State of the State: Highlights from the Governor's Address

Yesterday in his State of the State Address, Governor Ige touched on the many important issues we face here in Hawaiʻi--such as homelessness, traffic, unemployment, and many environmental issues, such as our reliance on fossil fuels, our commitment to a renewable energy future, food security, and global climate change. He was clear in his message that we must invest in the future, for our children and for future generations.

In order to invest in the future, it is crucial to look at our actions today and how they will impact the environment. The governor spoke of the many ways Hawaiʻi is working to protect our land and ocean resources, such as being the first state in the nation to sign the Paris Climate Accord. This means continuing to work towards reaching 100% renewable energy resources by 2045 and working to grow a carbon market in Hawaiʻi. Doing so would allow carbon polluters across the globe to offset their carbon emissions, for example by investing in restoring Hawaiʻi’s koa and ʻōhiʻa forests.

Governor Ige also mentions the dream of “a future economy for Hawaiʻi that isn’t reliant solely on tourism and the military”. In order for this to become a reality there needs to be an increased focus on food security via local food production, including efforts that promote sustained crop yields grown right here in the Islands and sustained, plentiful fisheries--both of which result in feeding our local communities. In a system where we currently export 80-90% of our agricultural crops, it is crucial for Hawaiʻi to move toward a more resilient and sustainable food system that does not not rely so heavily on imports for food. Therefore the Sierra Club of Hawaiʻi will support measures and initiatives that encourage diversified agriculture, carbon farming and composting, and the regulation of restricted-use pesticides (i.e., pesticides that are harmful to soil health, freshwater resources, nearshore marine life, and human health).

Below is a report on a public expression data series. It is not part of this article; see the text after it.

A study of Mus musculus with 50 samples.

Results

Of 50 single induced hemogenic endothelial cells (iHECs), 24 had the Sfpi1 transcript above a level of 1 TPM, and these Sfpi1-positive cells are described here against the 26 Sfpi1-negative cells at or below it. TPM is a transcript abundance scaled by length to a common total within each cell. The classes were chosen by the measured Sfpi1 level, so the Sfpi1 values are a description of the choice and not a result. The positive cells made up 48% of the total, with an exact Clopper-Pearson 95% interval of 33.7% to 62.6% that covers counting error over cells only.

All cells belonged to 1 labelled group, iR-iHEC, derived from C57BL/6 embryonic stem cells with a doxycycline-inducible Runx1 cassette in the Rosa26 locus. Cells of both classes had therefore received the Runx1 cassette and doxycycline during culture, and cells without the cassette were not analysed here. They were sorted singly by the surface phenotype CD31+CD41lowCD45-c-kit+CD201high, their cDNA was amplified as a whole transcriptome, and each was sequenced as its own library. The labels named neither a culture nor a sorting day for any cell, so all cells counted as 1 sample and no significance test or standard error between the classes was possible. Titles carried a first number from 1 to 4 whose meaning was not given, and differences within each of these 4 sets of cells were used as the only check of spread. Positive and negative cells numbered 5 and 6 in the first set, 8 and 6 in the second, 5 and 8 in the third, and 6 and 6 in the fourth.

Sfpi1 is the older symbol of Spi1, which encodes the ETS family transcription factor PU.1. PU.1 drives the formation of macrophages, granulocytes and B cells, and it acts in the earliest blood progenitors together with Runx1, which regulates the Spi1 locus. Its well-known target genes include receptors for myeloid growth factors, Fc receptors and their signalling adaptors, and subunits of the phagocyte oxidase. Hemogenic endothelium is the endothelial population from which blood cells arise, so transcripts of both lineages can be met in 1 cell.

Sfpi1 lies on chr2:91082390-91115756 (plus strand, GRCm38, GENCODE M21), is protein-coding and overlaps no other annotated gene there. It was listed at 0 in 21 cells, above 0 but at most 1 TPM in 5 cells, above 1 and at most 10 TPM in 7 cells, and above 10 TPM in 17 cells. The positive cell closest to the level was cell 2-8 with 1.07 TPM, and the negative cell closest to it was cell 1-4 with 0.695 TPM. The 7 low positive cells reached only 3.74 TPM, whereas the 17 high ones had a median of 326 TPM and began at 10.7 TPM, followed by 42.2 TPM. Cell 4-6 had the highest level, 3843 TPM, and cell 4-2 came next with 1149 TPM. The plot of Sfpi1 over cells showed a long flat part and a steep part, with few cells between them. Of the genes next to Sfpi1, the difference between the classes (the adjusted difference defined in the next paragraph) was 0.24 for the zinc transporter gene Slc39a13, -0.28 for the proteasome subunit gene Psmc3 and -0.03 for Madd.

The Sierra Club of Hawaiʻi is pleased to see the Governor direct focus to environmental issues. We look forward to working with his administration, as well as state and county agencies, as we move forward with climate change adaptation, mitigation, and reduction strategies that include 100% clean and renewable energy and food security.

Civil Beat article here and video here.